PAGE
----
Physicians with access to free drug samples are more likely to write prescriptions for costlier drugs than doctors who do not have access to free samples, a US study reports.

The average retail cost of prescriptions written by dermatologists with access to free samples was about twice the cost of those written by doctors at an academic medical centre where samples are prohibited, says the study, published in the current issue of JAMA Dermatology.

Researchers at the Stanford University School of Medicine found that branded drugs and branded generics accounted for 79% of prescriptions written by dermatologists across the US but only 17% of those written by physicians at the academic medical centre which prohibits samples.

The impetus for their study was a policy instituted in 2006 at Stanford Medicine, prohibiting its physicians from accepting samples or other industry gifts. After the change, the study’s lead author, Dr Alfred Lane, said he noticed a discrepancy between the medications he tended to prescribe and those prescribed by other doctors in the community.

“I realised that patients were referred to Stanford with prescriptions for newly-introduced branded drugs that were unfamiliar to me – sometimes I had to look up what they actually were,” said Dr Lane, emeritus professor of dermatology and pediatrics at Stanford.  “It wasn’t clear to me that there was much benefit to these drugs, and they were definitely very expensive,” he added.

By some estimates, drugmakers give free samples worth about $16 billion to US physicians each year. Many doctors feel this is a cost-effective way to help poorer patients who may not have insurance, or to allow patients to choose a preferred medication to which they are mostly likely to adhere.

However, national data does not support this view – poorer people and the uninsured are not the patients who are typically getting samples, said the study’s first author, Michael Hurley.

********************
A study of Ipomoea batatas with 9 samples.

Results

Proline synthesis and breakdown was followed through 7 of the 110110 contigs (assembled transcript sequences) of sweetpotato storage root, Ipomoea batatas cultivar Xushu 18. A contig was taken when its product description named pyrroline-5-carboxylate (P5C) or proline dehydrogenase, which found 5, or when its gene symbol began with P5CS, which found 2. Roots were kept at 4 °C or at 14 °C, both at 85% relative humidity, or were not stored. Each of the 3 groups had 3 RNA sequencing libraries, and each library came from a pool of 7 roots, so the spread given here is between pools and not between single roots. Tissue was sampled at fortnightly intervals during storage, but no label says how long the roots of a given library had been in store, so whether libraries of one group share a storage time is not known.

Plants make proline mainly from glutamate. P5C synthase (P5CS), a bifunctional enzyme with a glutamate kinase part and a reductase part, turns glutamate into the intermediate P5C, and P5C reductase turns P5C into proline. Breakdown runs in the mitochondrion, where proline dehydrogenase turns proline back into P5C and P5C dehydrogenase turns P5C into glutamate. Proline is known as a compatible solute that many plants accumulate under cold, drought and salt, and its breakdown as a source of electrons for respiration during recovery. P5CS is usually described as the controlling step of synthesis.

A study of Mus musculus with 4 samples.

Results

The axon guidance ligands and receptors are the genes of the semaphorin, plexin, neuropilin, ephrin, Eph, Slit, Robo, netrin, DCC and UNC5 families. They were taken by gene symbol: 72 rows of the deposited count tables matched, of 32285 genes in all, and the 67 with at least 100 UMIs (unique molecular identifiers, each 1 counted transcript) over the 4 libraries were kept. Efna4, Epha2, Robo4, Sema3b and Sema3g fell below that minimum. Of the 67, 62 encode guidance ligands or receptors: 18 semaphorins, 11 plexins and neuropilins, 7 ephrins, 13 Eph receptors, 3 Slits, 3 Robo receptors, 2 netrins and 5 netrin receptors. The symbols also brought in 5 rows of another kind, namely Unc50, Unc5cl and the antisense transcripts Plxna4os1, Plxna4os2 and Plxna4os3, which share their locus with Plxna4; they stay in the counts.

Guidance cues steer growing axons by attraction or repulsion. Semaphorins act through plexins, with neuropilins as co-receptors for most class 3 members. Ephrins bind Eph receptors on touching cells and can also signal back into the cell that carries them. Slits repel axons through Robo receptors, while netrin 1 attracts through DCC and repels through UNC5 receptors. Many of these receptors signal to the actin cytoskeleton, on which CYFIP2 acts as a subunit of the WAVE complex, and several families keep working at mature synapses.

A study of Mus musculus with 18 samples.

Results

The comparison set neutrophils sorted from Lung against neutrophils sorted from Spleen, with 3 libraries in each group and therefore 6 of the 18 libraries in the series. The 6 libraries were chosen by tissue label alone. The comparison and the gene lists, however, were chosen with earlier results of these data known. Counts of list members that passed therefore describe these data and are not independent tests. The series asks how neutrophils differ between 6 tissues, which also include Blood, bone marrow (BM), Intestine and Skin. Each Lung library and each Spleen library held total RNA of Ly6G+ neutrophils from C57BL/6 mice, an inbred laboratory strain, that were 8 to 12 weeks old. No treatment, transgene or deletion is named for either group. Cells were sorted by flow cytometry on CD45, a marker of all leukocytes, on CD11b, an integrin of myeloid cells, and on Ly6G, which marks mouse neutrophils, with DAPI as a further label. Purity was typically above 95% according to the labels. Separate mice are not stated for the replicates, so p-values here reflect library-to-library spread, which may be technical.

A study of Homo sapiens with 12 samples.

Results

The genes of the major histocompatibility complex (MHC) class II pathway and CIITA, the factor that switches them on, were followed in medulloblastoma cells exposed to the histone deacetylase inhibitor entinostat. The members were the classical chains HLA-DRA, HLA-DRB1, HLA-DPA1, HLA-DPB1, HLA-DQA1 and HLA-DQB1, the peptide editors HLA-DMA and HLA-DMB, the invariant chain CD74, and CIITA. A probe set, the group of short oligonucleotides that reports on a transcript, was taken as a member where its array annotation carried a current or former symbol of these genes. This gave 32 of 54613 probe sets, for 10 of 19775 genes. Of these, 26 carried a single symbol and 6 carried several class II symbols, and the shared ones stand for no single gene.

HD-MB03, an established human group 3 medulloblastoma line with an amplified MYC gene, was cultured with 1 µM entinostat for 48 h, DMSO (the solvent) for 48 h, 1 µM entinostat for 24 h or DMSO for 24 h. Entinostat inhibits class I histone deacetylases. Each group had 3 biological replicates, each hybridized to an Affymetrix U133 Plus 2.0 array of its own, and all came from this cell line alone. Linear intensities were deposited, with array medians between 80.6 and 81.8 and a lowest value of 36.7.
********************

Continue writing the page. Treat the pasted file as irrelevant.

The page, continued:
Opponents of drug samples argue that doctors may not take as much care describing sample medications and their effects as they would for non-sample medications, and that the samples serve as a form of marketing to both doctors and patients to influence treatment decisions.

The study, which focused on medications prescribed to treat adult acne, found that the average cost of prescriptions for a patient treated by a doctor who received samples was around $465, compared to about $200 for patients treated by a doctor without access to samples.

Also, only one of the top 10 medications prescribed at the academic medical centre which prohibits samples was also in the top 10 nationwide. In fact, nine of the 10 most-commonly prescribed medications nationwide were branded drugs or branded generics, and only 21% of prescriptions written by doctors nationwide were for generics, compared to 83% of prescriptions at the academic medical centre.

And 33%-92% of the time, nine of the top 10 nationally-prescribed drugs were supplied with prescriptions, although much cheaper generic versions existed for eight of these nine drugs.

"The negative consequences of free drug samples affect clinical practice on a national level, and policies should be in place to properly mitigate their inappropriate influence on prescribing patterns,” say the authors.